Migraine and headache in adults – a global challenge

Migraine is one of the world’s most disabling illnesses, says the World Health Organization (WHO). Yet in the minds of many, migraine is not an illness at all. People living with migraine often face a lack of support, even disdain. Migraine and other headache disorders are afflictions that many people in society refuse to take seriously. Misconceptions like these are generally rooted in a lack of information about the origin and effects of headache disorders.

An unbiased approach based on scientific evidence and advice is essential in order to acknowledge patient suffering and take preventive action against this multifaceted clinical entity and major global plague. This is the only way to combat the impact of the disease and give sufferers the help they need.

Headache is a truly global problem

A new review suggests that one in two people (52% of the global population) experience a migraine or other headache disorder every year. One limitation to acknowledge is that most of the more than 350 included publications relate to high-income countries. Of those experiencing a headache disorder, 14% reported a migraine and about 26% reported a tension-type headache. These figures are consistent with the latest findings presented in the Global Burden of Disease study in 2019, and show that headaches and migraines are by no means imaginary ailments that society can or should ignore. In light of this latest data, it is reasonable to assume that nearly 16% of people on the planet suffer from headaches on any given day.

Significant gender gap

A recent publication by Swiss researchers investigating the gender distribution of migraine and tension headache found significant differences between male and female sufferers – not only in frequency, but also in terms of comorbidities, disease co-factors and response to treatment. One outcome is that women are significantly more often affected by migraine and are significantly more likely to be affected by its wider impacts. One very common consequence is that women deliberately withdraw from the public eye, one reason being that they do not feel that their suffering is taken seriously; in fact, almost 40% of affected women do not even tell anybody about their headaches. Female migraine patients often experience anxiety and depression between attacks. In addition, their pain burden is consistently higher than that of male patients.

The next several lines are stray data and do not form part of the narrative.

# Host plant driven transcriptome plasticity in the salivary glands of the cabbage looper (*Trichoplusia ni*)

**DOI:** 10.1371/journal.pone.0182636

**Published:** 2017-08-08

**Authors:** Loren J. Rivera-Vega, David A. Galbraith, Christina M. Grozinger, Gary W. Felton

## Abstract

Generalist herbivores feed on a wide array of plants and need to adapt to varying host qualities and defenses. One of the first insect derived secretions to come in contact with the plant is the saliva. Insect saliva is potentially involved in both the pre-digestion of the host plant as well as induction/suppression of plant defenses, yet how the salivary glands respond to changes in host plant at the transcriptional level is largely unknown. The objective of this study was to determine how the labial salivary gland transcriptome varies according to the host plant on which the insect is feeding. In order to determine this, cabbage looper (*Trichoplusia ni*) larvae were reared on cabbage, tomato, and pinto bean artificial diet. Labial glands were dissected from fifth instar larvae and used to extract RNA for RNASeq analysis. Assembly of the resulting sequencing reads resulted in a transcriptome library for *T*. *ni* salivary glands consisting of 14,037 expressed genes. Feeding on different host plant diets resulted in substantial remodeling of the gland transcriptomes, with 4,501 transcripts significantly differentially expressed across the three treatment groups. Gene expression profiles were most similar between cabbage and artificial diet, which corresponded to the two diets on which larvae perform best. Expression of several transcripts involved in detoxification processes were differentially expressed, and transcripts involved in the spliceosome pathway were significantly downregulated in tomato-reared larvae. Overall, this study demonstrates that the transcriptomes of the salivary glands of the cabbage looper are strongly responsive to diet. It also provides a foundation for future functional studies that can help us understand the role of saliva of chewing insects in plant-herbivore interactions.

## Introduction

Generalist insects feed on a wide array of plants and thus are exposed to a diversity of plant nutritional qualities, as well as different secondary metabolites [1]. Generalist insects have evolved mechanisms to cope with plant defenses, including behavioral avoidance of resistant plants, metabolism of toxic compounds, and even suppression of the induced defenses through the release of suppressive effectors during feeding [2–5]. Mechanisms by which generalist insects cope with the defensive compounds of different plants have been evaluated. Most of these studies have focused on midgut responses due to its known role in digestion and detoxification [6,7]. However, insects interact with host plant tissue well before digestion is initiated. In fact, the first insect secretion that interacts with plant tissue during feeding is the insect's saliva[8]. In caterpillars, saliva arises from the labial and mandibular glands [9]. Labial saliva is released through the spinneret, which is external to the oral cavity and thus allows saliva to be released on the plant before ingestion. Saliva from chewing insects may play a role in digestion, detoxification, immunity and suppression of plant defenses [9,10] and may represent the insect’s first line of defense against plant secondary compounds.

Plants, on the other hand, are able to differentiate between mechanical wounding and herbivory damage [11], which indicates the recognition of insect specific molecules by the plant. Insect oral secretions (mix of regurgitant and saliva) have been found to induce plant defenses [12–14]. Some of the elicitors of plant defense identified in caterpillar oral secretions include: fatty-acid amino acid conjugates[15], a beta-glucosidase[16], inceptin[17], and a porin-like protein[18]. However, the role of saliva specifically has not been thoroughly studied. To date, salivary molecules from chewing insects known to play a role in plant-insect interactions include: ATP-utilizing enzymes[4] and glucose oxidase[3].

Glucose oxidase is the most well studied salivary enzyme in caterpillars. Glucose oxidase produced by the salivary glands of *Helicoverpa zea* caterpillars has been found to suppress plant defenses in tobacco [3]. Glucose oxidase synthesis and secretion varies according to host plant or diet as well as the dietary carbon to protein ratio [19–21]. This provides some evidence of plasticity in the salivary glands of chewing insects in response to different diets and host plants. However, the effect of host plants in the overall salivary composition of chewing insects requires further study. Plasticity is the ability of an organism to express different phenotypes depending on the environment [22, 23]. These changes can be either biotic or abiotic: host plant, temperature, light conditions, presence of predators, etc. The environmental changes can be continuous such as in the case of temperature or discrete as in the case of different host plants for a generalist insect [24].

Migraine often goes undetected in men

When women see a healthcare professional about their migraine symptoms, they are much more likely than males to be diagnosed correctly with migraine. The authors of the study believe that the (false) assumption that migraine is a typical "women's disease" may still play a role. A lot of education is obviously needed around this as well.

Young adults also have issues

Health data from more than 50,000 young people analyzed and compared over a period of approximately ten years indicates that the special period of transition from adolescence to adulthood presents unique challenges for migraine sufferers. People diagnosed with migraine had a two-fold higher risk of developing emotional or mood disorders in adulthood than subjects in the migraine-free comparator group. Worryingly, these young people also had an increased risk of behavioral disorders and higher susceptibility to stress-related illnesses in general. The authors of the publication say that these connections should be given more consideration in patient care.

Prevention and treatment without pharmaceuticals

Although numerous studies show that preventive behavioral interventions can be very effective in fighting headache disorders and migraine, patients and healthcare professionals don’t know enough about them. A poll of primary care physicians in the United States found that one-third of the doctors responding to the survey did not know that officially approved guidelines on headache management without drugs even existed. Many were also unaware that the American Headache Society provided training materials for doctors on behavioral ways to treat headaches.

Education and awareness are fundamental

Education is the sharpest tool in headache prevention. If awareness about health improves to a point where healthcare professionals and patients are making full use of the spectrum of behavior-based migraine and headache prevention strategies, that would already be a big step in the right direction. Full use of preventive care would stop a lot of suffering – not just the pain itself, but the wider impacts on people’s lives. And here’s another thing. Preventive measures depend far less on the resources of a country’s healthcare system or how much money a patient has. A preventive approach has all it takes for a truly global and effective campaign against headache and migraine.